Local officials claim Saudi prince has been allowed to hunt the endangered Houbara Bustard without hindrance, despite court ban.
A Saudi prince is on a hunting spree for rare birds in southwest Pakistan despite a court-imposed ban and the government’s insistence that the foreign delegation is only on a diplomatic mission, senior officials said Monday.
The annual hunt has sparked controversy in recent years because of the Houbara Bustard’s dwindling numbers, with the issue also shining a spotlight on traditionally close ties between Saudi Arabia and Pakistan.
The International Union for Conservation of Nature includes the bird on its “red list” of threatened species, estimating there are fewer than 97,000 left globally.
The Balochistan High Court in November last year cancelled all permits for hunting in the province before the arrival of the Saudi prince and his companions, but since reaching Pakistan last week the party has been allowed to hunt unimpeded, three officials have confirmed to AFP. The provincial government has filed an appeal in the Supreme Court against the ban to seek a formal permission for the Royal guests to hunt, but the hearing has not been fixed.
A senior provincial government official said that the Saudi governor and his companions “had arrived in Dalbandin [district] for hunting Houbara Bustard and it is confirmed that these dignitaries started hunting on Thursday.” A second official in the paramilitary Balochistan Levies and an official at the forest department also confirmed that they were aware of the hunting.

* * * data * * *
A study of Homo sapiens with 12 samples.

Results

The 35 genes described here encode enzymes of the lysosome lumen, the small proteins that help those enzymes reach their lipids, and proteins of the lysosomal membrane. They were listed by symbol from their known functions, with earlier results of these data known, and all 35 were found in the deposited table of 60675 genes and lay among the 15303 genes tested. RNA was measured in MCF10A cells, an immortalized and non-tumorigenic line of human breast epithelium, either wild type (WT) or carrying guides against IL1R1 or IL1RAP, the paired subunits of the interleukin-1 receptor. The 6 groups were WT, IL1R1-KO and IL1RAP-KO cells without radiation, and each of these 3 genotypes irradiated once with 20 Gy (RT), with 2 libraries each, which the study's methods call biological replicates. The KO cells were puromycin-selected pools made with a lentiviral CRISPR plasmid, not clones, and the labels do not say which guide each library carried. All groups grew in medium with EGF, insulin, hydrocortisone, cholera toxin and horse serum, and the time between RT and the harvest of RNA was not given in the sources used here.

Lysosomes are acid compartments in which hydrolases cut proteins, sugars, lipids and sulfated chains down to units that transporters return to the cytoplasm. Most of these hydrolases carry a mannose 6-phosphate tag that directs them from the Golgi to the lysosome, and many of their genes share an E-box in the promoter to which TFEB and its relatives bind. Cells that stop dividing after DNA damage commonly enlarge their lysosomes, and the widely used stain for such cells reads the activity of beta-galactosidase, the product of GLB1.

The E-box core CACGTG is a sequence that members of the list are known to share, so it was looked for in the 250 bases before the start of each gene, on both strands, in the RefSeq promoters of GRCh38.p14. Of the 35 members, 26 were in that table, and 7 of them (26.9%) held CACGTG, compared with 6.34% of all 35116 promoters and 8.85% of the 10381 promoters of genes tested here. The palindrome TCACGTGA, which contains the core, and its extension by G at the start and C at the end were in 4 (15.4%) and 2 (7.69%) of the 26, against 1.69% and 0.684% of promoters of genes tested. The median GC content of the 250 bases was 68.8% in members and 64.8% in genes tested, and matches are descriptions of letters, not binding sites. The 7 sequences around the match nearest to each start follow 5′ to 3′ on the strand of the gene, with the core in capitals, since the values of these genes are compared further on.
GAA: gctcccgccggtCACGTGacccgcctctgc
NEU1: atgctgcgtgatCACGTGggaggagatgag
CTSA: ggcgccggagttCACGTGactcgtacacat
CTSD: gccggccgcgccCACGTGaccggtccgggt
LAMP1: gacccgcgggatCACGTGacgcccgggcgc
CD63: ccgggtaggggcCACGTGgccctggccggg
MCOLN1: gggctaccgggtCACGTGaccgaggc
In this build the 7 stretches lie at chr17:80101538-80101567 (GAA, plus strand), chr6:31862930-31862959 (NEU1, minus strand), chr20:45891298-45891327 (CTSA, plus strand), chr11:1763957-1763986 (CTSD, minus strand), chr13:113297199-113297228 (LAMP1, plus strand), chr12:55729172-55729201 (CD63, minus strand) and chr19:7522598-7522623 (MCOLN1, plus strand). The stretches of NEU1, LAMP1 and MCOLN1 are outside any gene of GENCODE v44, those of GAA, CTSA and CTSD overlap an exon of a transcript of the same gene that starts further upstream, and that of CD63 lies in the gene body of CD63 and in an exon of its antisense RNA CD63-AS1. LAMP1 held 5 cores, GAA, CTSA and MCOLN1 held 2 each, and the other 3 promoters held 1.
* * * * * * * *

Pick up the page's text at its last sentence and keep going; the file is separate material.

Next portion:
“Arab dignitaries are engaged in hunting Houbara Bustard but our staff are not allowed to have access to their camp or accompany the hunting party. There is no knowledge that how many birds have been hunted,” the official said.
The government for its part has denied that the Saudi party is engaged in hunting, saying that they had come to oversee development activities. “They have other kind of activities like inspecting Arab-funded development schemes and meeting tribal elders of the area as part of good will,” minister for forest and wildlife Obaidullah Babat, told reporters last week.
The issue has stirred controversy on social media and among youth activists in the restive province, where a separatist insurgency has been simmering since 2004 and many are critical of the government’s policies, including its ties to ultra-conservative Saudi Arabia. Up to 40 youth activists from Chaghi district protested in front of Quetta Press Club against the hunting of Houbara Bastard on Friday. They chanted slogans against the provincial government and demanded the expulsion of the Arab hunting parties from the province.